Movie Information

Genre: Sadistic Horror
Director: Eli Roth
Starring: Jay Hernandez, Derek Richardson, Eythor Gujonsson, Jan Vlasak, Barbera Kaderabkova
Rated: R

I didn’t buy the guff about Eli Roth being the “savior of horror” when Cabin Fever came out and I’m not buying it now, though Hostel is a much more accomplished piece of work than his debut offering. That said, I’m cognizant of the fact that 2005 was one of the worst years in the history of the horror genre in some time.

The first few years of the new century gave us such things as the Hughes brothers’ From Hell, Alejandro Amenabar’s The Others and Gore Verbinski’s The Ring — not to mention Victor Salva’s Jeepers Creepers films and Don Mancini’s Seed of Chucky. The best 2005 could offer was Rob Zombie’s The Devil’s Rejects and Francis Lawrence’s Keanustantine … er Constantine, so it would be an easy thing to overrate anything that even flirted with mere adequacy.

Hostel is more than adequate as a horror picture in the ultra-sadistic mode, but not a lot more. Setting aside — for the moment — the sociological question of the intrinsic value of horror where the entire raison d’etre of the film lies in showing people being tortured and murdered, the very format is limited.

Here we’re given two American backpacking tourists and their goofy Icelandic sidekick, who are lured from the hedonistic pleasures of Amsterdam to the promise of more hardcore delights at a hostel in Slovakia. At first this hostel turns out to be everything they’ve been told, but, naturally, all is not right and they find themselves at the mercy of jaded rich folks who are allowed to engage in torture and murder for a hefty fee — things the Slovakian Tourism Board would now probably love to do to Roth.

In essence, this is nothing more than the umpteenth variation on an all-too-trite-and-true formula where travelers find themselves at the mercy of a madman or a group of madmen. Strip away the overt gore (not all that gory, really) and sadism (pretty extreme), and you can take the setup at least back to 1925 and Roland West’s Lon Chaney film, The Monster. Quentin Tarantino (who served as one of the film’s executive producers) once indicated that Roth is “the future of horror” — in which case, the future of horror appears to lie in the recycling business.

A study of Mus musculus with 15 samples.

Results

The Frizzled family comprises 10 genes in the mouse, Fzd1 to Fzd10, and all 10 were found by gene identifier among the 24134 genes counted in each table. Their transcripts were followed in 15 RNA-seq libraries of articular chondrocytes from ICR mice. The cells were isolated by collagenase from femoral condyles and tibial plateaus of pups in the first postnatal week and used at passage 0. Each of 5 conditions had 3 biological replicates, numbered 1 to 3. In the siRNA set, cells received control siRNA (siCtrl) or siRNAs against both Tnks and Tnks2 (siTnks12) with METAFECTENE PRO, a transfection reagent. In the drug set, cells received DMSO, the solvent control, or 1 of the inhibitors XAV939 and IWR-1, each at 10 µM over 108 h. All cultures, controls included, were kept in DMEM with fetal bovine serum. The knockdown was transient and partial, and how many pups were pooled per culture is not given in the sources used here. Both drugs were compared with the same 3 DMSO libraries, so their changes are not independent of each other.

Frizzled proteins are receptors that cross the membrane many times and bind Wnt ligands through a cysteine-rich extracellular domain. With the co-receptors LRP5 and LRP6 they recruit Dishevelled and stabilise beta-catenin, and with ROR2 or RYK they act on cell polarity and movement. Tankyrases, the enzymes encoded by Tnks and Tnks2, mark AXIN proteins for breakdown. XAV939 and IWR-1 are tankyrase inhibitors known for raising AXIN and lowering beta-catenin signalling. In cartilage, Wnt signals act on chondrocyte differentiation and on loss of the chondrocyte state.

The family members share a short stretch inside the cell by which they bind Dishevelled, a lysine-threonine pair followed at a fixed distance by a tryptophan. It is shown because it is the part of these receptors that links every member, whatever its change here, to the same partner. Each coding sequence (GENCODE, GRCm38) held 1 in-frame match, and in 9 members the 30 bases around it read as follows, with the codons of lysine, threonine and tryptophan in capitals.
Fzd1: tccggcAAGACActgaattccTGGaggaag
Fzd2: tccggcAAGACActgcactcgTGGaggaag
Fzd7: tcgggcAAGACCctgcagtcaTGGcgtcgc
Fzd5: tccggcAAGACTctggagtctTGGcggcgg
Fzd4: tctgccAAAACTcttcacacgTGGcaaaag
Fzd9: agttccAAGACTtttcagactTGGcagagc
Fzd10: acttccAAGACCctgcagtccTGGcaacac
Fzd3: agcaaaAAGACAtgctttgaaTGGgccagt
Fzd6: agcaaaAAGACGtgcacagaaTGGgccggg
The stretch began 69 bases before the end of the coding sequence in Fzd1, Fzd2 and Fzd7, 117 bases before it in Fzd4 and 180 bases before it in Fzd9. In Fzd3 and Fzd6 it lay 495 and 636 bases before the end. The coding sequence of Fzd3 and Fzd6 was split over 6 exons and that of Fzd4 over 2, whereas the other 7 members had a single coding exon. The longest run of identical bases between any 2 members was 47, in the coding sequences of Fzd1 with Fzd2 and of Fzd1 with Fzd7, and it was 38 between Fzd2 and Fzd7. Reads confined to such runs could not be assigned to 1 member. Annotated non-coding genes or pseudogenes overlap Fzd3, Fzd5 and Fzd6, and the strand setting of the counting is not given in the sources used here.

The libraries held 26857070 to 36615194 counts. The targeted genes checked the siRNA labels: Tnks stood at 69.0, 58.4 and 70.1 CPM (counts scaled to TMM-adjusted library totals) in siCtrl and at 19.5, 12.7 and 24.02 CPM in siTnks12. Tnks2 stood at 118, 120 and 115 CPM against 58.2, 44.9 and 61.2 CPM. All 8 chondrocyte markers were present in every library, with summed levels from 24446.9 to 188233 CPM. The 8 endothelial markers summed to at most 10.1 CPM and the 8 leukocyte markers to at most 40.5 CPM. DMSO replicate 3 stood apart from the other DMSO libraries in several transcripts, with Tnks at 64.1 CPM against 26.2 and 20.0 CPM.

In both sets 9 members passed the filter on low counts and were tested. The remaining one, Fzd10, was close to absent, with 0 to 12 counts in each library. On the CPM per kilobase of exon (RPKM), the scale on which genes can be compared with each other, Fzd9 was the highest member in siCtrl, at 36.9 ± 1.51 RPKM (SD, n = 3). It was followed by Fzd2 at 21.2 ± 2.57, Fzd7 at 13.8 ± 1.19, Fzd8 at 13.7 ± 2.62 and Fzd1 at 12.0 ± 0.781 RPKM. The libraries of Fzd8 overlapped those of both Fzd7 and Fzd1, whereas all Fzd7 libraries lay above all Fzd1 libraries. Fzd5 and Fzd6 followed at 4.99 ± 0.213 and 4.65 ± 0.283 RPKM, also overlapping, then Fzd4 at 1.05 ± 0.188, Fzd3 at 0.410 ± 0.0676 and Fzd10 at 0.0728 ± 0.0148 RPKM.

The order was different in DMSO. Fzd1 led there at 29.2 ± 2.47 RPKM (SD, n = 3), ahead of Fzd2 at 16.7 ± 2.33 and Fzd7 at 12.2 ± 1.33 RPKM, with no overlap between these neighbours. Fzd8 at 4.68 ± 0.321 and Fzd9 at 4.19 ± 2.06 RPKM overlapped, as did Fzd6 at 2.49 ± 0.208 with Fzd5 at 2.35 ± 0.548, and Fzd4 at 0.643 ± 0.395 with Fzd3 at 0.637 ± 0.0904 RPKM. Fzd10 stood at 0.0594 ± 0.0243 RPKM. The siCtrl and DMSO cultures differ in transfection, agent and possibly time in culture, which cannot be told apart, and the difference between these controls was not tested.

Roth has gone on at some length about the film’s deeper implications. Who’s kidding whom? The film is mostly about topless babes and seeing people dismembered and disemboweled — with the unusual (but not unique) addition of payback time. This last bit gives the movie a degree of moral ambiguity, since it appeals to our baser nature, but the same can be said of virtually any revenge or vigilante flick ever made. If you’re looking for the type of depth found in something like Cronenberg’s A History of Violence on this topic, look elsewhere.

While I’ll admit that there are hints that Roth has something on his mind, his film never really seems to be sure what that something might be. Hostel starts out like a twisted rethinking of Eurotrip (I’d have paid good money to see Joanna Lumley pop up as the proprietor of the hostel), but with the characters in unlikable mode (a Roth trademark if we judge by this and Cabin Fever). Paxton (Jay Hernandez, Ladder 49) and Josh (Derek Richardson, Dumb and Dumberer) are the poster children for why Europeans hate American tourists. There’s some attempt at making the more sensitive Josh into a likable character — including the implication that he’s gay and in denial — but this gets so mixed up along the way that it never amounts to much.

And if it does amount to anything, I have questions about the message it’s sending, since Josh is linked to a sadistic murderer who comes onto him (kind of like the “creepy guy” on the train in Eurotrip minus the humor), later befriends and advises him (“For me, marriage was the right choice”), and then … well, that would be telling. Other possible readings are no less unsettling, since they could include raging xenophobia and cautionary tales that this is what happens to bad little horny boys (and girls, as it turns out). Neither would surprise me given the overall tone of Roth’s work to date. Anyone as humorless as he appears to be could very possibly be a closet puritan. This, after all, is a guy who doesn’t seem to see the absurdities inherent in a gang of 10-year-old thugs or someone slipping in blood and inadvertently chain-sawing his own leg in two.

But really, the film’s all about hot, naked girls and torture (that the two should be linked is another matter) and is fairly effective and well-crafted on a wholly visceral level, even if it cheats to get there. After all, there’s no earthly reason why the Slovakian temptresses actually have to bed their victims, except that not doing so would cut down on the T&A, and there’s no discernible point in having the bodies chopped up before incinerating them, except that doing so gooses the gross-out factor. The suspense is still fairly suspenseful and the payback scenes are disturbingly satisfying, but at bottom Hostel is just another excessive shocker. Rated R for brutal scenes of torture and violence, strong sexual content, language and drug use.

— reviewed by Ken Hanke

About Ken Hanke
Head film critic for Mountain Xpress from December 2000 until his death in June 2016. Author of books "Ken Russell's Films," "Charlie Chan at the Movies," "A Critical Guide to Horror Film Series," "Tim Burton: An Unauthorized Biography of the Filmmaker."